You cannot use permanent magnets alone (it's a physics impossibility, a consequence of Earnshaw's Theorem). You need to lawyer your way out of it, which you can do either by removing "permanent" (i.e. employ active electromagnets also; this is what is commonly done with magnetic suspensions for lamps etc.) or by removing "alone".
it has been pointed out to me that Earnshaw's Theorem only holds with ferro- and paramagnetic sources. The addition of diamagnetic materials does allow stable configurations with permanent magnets alone. Werner Braunbeck's trick, though, only holds with diamagnetic materials, and those have a strength that's whole orders of magnitude below high-flux rare earth ferromagnets. So, unless the wheel is large enough to support a half ton of diamagnetic bismuth shield, I'm afraid passive levitation isn't a thing for bikes.
Earnshaw's Theorem actually applies to a whole class of forces, so you can use no combination of those to wiggle out of "alone". No electrostatic fields, no gravitational fields. You're pretty much left with superconducting pinch-effects and, again, mechanical bearings (you can replace a mechanical bearings assembly with permanent magnets as long as you keep at least one bearing).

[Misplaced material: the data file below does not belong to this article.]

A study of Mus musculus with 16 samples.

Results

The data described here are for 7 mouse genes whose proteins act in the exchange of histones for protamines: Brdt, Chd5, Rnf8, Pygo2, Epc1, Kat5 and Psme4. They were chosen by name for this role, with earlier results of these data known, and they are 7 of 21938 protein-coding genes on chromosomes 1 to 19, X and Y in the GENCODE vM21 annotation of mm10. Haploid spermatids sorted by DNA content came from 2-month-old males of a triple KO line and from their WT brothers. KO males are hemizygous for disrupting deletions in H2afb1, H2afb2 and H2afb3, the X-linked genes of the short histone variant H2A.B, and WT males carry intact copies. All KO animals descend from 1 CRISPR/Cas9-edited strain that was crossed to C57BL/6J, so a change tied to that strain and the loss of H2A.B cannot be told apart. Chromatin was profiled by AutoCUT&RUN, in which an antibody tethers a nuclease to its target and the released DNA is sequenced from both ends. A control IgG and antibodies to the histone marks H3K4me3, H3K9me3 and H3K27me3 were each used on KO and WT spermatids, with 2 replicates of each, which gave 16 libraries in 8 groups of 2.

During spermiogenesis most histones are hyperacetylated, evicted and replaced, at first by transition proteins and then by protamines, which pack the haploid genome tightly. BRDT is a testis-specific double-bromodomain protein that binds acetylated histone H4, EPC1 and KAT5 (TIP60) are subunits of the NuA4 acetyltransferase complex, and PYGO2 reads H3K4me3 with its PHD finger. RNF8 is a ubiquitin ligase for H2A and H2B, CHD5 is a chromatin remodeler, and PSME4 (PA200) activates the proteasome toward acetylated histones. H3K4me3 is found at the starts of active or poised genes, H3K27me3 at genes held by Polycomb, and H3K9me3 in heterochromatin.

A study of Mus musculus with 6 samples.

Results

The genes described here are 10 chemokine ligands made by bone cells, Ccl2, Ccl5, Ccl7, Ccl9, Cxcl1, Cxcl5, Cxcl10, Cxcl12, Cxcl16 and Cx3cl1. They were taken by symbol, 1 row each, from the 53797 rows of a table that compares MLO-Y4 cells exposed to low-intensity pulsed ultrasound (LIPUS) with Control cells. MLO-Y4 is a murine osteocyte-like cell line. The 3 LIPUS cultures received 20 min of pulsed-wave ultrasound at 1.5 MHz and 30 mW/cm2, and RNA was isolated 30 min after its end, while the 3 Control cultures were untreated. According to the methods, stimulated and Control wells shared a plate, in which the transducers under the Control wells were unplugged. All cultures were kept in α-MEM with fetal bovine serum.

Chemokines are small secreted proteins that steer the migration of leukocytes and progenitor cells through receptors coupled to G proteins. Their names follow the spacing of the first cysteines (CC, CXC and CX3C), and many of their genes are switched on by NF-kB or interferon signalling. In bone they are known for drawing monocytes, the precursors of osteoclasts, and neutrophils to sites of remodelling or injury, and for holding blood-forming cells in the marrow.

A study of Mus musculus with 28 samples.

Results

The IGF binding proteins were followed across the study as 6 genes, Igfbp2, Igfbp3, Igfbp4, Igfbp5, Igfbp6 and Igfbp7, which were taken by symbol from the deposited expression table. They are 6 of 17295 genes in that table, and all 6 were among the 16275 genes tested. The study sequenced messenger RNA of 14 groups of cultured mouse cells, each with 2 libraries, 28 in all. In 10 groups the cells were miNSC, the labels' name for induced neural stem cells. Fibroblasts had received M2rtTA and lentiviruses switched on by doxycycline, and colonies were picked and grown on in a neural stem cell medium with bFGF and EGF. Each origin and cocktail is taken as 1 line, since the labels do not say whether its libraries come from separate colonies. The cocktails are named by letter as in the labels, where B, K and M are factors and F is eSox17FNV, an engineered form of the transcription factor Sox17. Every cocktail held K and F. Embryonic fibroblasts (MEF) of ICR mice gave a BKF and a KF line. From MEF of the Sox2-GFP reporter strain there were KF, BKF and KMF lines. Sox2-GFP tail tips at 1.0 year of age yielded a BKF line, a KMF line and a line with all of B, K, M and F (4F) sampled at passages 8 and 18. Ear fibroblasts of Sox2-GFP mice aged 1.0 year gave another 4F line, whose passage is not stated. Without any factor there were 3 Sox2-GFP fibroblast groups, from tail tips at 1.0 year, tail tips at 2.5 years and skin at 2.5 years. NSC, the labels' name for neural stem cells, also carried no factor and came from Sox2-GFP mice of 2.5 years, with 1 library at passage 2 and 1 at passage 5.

You could have a spokeless, hubless wheel where the weight is borne by magnets between an inner rim and the tyre, with mechanical bearings to keep the two rims aligned (the bearings would only be subject to lateral forces). This allows the magnets to spread out the weight and thus exert a minimum force.
And at this point you need to keep grit out of the space between the magnetic poles. You need a seal, and that's going to need to be mechanical, and problems with friction will resurface. Also, the magnets will be heavy. A toroidal N41 magnet, circularly magnetized (north pole in the hole, south on the periphery), 4cm wide, 2cm thick and 5cm of inner radius, weighs about six kilograms; you need another wider segment to stay above, and that will probably weigh two to three kilos; this will get you a repulsion of around 200 kg, i.e., unless you thrust 2000 newton of force downwards, the magnets won't touch. One advantage is that it will double as suspension. A big disadvantage is that anything magnetic will be attracted to the rims with great force (you can harm yourself pretty severely with those kind of babies). And finally, you'll have a rotating thingy inside a very powerful magnetic field. Chances are that you'll be getting fierce eddy currents, and a considerable magnetic drag.